A picturebook version of one great night

Colorado Rockies v Seattle Mariners Photo by Stephen Brashear/Getty Images

Last night, seven players in MLB hit grand slams. Albert Pujols hit his 600th home run, and made it a grand slam, because why not. Mike Zunino hit just his 52nd, but his grand slam was the first of his career, as beautiful as it was unlikely.

Watching it, I steeled myself, as I have done so many times when Mike Zunino is up to bat. “You’ve already driven in three runs,” I whispered to him; “it’s okay if you fail here.”

He did not fail.

Emboldened by his earlier success, Zunino stood tall in the box, even in a two-strike count with two outs:

Let’s back up a second. This year, Mike Zunino has had a problem punishing bad pitches. He’s whiffed at center-cut fastballs, chased things high in the zone, missed on bad breaking balls. Last night, Mike Zunino didn’t miss Alex Cobb’s bad pitches. But for how we got to that point, we need to look at what made Mike Zunino stand so tall in the box there, even with two strikes and two outs.

Mike’s first AB of the night: one pitch, one double.

That’s a 92 mph center-cut fastball. It’s not a good pitch, even a little. But it’s a pitch Mike Zunino wasn’t able to punish earlier this year, and it’s a pitch Mike Zunino got a hold of for a double in the second inning to give the Mariners a 3-1 lead.

There were two on and one out when Zunino got his next chance to come to the plate in the fourth. He saw one pitch from Alex Cobb, an 81 mph knuckle curve that caught too much of the plate, and he seized upon it:

It’s a bad pitch, Bort. But again, Zunino was able to act aggressively and punish this mistake for an RBI single. A few days ago, I wrote about the gentleman who swooped into the LL Twitter mentions to declare that Mike Zunino couldn’t recognize a breaking ball. That does not seem to be the case here. What I wound up arguing in that article was that Mike Zunino hasn’t had any more trouble with breaking stuff this year than he has with just punishing bad pitches, and that all the plate discipline in the world is great but not if it saps him of his power tool. Just get back to who you are, I begged, someone who can destroy baseballs.

Well, Mike Zunino is nothing if not a people pleaser:

In this plate appearance, Mike had seen two pretty good splitters towards the outer edge of the plate, both of which he’d swung at to put himself in a quick 0-2 hole. He laid off a 91 mph fastball inside, refusing to get jammed, and that deserves more credit for what it set up next: a mistake pitch, an 86 mph splitter that winds up where you see it above.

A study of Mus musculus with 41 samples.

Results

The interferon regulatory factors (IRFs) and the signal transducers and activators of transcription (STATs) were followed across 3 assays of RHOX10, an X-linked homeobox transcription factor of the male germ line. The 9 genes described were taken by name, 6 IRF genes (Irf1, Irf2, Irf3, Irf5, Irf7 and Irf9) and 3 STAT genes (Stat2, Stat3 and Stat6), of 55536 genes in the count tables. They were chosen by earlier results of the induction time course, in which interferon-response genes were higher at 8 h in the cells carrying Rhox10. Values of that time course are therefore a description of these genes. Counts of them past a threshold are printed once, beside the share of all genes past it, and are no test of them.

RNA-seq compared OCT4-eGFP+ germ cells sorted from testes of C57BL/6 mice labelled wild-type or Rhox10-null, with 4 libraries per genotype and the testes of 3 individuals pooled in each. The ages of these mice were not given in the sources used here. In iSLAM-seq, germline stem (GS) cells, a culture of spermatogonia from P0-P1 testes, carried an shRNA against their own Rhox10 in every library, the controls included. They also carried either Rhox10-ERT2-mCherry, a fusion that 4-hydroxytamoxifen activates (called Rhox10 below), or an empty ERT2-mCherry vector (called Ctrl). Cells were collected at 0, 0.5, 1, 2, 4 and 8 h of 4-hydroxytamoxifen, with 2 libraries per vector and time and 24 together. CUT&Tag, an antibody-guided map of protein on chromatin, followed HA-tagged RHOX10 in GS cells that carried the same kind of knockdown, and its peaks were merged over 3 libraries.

It happens so fast: Mike drops that back shoulder, hurries the bat forward to meet its intended target, and the sound is like a tectonic plate shifting.

The sound isn’t so much a crack as it is a fissure: in this sound is the breaking open of this game, the breaking of the pitcher’s spirit, the breaking of the early 2017 Mike Zunino into whatever this is, this Mike Zunino who eats men’s souls.

Mike Zunino is a good lad who would not want to make pitchers feel bad, but he himself cannot help but pause here for a moment and admire what he’s made. Even Alex Cobb finds himself forced into a weird kind of salute. Zunino pauses a beat, two beats, three, the bat suspended in midair, like he’s waiting for someone to come take it, like it’s a library book he’s trying to return without inconveniencing anyone. He doesn’t want to make anyone feel bad. He just needs a second.

And then all that’s left is to round the bases, a small figure against the wide expanse of Safeco and the violet-tinged sky. He points into the stands as he nears home plate—to his wife? Someone the camera can’t find, a moment that belongs only to him and whoever is at the other end of this pointed finger.

And then he’s there, to greet his teammates, and the normally composed Zunino erupts. He slaps hands; he screams; he runs at his teammates like he’s the Kool-Aid man and they’re so many brick walls.

A lot of players had a moment yesterday, and some will loom larger than others: Edinson Volquez notching a no-hitter and honoring his friend Yordano Ventura in the process, Albert Pujols joining the 600 home run club, Yonder Alonso and Oakland hanging 10 runs on the first-place Nationals. But no story loomed larger in the Pacific Northwest than Mike Zunino, our good boy, someone who is nice and hardworking and generous of time and spirit and has been trying so, so hard, for so, so long, finally getting to have his moment.